DRUGS: WHAT YOU
NEED TO KNOW Booklet
Signs and Symptoms of Addiction
Addiction is a problem that affects tens of millions of Americans, the devastating and deadly effects on individuals, families and communities make it an urgent issue to identify and address. In 2020, more than 40 million people suffered from the effects of substance use, meaning that they were consuming drugs or alcohol at a harmful level. Most of these individuals will need rehabilitation and support to return to a sober life.
To help an addicted person, you must first know what signs to look for. That person might be able to conceal the signs and symptoms of addiction for a while, but not forever. If someone you care about shows the signs listed below, take action to find help for them.
Physical Signs and Symptoms of Drug Use and Addiction
Every drug creates its own symptoms. You may only see a few of the following signs, but observing them should alert you to take a closer look at this person’s health, behavior and activities.
- Bloodshot eyes
- Pupils larger or smaller than normal
- Changes in appetite or sleep patterns
- Deteriorating physical appearance or grooming
- Unexplained weight gain or loss
- Unusual smells on breath, body, or clothing
- Impaired coordination or tremors
- Changes in behavior
- Lack of energy or unusual bursts of energy
Physical Harm Resulting from Addiction
Serious diseases and physical deterioration can result from the long-term use of addictive substances.
- Heart and lung damage
- Hepatitis and HIV
- Liver damage
- Tooth damage and loss
- Impaired immune system
- Kidney damage or failure
- Brain damage
Changes in Quality of Life
- Declining performance at work or school
- Deteriorating care of children, spouse or home
- Legal situations
- Traffic accidents or multiple tickets or loss of one’s license
- Arrests for drugs, disorderly conduct or assaults
- Loss of job, business or home
Behavioral or Mental Problems
An addicted person may begin showing emotional or mental changes, or their behavior may begin to drastically change. Watch for signs such as these:
- Erratic mood and behavior
- Risk-taking, such as reckless driving or promiscuity
- Being anxious, depressed, paranoid or fearful
- Suffering delusions or hallucinations
- Appearing foggy or spaced out
- Borrowing money repeatedly
- Poor memory
- Unexplained changes in friends or hobbies
Reasons Addiction May Not Be Obvious
Parents and friends may wonder why they didn’t notice a loved one’s addiction earlier. An addicted person generally takes pains to conceal their problem from others. They may not ask for help because they feel their problem is hopeless and the only thing they can do is to secretly continue to consume the substances they are addicted to.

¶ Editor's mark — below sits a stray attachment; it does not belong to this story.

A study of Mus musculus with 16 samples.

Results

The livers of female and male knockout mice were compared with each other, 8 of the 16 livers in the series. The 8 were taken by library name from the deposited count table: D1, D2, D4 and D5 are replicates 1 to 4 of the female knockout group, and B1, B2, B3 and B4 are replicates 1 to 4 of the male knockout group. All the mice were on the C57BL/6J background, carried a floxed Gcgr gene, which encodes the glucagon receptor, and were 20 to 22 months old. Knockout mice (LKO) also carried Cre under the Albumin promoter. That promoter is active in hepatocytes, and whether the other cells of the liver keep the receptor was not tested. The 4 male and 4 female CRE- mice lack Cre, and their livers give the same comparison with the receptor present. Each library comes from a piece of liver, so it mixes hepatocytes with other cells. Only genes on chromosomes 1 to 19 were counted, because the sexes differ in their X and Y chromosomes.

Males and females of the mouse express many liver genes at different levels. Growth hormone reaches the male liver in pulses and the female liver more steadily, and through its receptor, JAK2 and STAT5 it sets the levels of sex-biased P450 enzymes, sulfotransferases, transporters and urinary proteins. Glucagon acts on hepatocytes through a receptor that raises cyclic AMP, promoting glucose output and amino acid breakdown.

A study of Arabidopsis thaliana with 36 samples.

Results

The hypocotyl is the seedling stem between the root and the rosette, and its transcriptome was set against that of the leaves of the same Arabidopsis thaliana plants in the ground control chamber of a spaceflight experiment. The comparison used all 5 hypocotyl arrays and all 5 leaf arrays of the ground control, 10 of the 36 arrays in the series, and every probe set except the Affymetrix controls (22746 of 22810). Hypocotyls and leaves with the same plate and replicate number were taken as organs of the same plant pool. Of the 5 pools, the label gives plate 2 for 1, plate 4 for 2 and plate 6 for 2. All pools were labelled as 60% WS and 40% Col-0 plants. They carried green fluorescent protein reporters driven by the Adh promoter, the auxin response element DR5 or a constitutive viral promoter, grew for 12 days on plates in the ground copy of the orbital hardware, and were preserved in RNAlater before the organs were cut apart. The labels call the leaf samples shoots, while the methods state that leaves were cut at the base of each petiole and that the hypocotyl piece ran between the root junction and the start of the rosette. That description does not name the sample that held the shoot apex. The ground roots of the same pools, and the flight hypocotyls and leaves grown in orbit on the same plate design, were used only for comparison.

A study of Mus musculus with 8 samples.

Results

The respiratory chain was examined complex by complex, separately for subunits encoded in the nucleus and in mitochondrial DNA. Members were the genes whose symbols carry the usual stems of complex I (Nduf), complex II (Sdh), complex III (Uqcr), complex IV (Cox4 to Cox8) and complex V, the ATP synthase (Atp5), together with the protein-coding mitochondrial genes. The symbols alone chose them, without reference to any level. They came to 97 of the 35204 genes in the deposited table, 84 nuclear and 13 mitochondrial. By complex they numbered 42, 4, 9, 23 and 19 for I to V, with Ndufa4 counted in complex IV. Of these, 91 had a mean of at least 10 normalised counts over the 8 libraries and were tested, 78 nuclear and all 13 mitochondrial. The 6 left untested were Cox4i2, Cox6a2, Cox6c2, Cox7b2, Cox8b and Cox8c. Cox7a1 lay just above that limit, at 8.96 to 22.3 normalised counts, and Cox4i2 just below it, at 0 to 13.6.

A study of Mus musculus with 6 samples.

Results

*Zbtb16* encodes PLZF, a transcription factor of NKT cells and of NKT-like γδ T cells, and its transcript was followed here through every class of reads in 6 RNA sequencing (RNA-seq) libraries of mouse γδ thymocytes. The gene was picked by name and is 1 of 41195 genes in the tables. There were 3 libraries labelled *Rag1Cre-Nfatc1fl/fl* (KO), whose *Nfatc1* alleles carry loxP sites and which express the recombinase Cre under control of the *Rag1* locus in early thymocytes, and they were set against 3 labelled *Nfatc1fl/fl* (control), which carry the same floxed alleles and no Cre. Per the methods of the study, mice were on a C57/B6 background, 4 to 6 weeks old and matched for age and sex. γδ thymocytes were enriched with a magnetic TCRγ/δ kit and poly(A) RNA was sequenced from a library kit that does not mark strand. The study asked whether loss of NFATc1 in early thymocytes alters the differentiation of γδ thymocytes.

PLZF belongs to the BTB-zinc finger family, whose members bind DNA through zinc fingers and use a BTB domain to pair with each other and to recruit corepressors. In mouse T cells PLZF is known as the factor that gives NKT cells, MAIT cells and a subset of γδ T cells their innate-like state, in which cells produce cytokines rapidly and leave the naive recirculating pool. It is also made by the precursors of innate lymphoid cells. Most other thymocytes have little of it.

Early in their addictions, many people are able to conceal their destructive habits. They may not have yet begun to suffer the loss of function at work and at home. It’s possible that only someone who is with this person daily would know the truth.
Many addicted people will avoid family and friends as much as possible. Sons and daughters skip family events, offering thin excuses. Eventually, they may disappear completely, not even bothering to make up excuses.
A family member that discovers that a loved one is addicted should only focus on finding an effective rehabilitation program for their loved one. No one wants to be addicted, no matter what claims the person may make. The most important thing once addiction has been identified is helping that person begin an effective rehab program that can return them to a lasting sober and productive life. In this way, they can avoid the most deadly effects of addiction.
Signs & Symptoms of Commonly Used Drugs
Because a cocaine user will often try to conceal their drug use, it's important for friends and family to be able to identify the signs of use. When cocaine use develops into long-term use and addiction, the signs usually become unmistakable. At that point, finding an effective rehab program is essential.
Prescription drugs can help people overcome medical conditions, manage pain, and are essential for people with chronic diseases, such as diabetes. When they are abused by a person wishing to get high, they no longer help the user. In fact, they may cause unconsciousness, amnesia and death.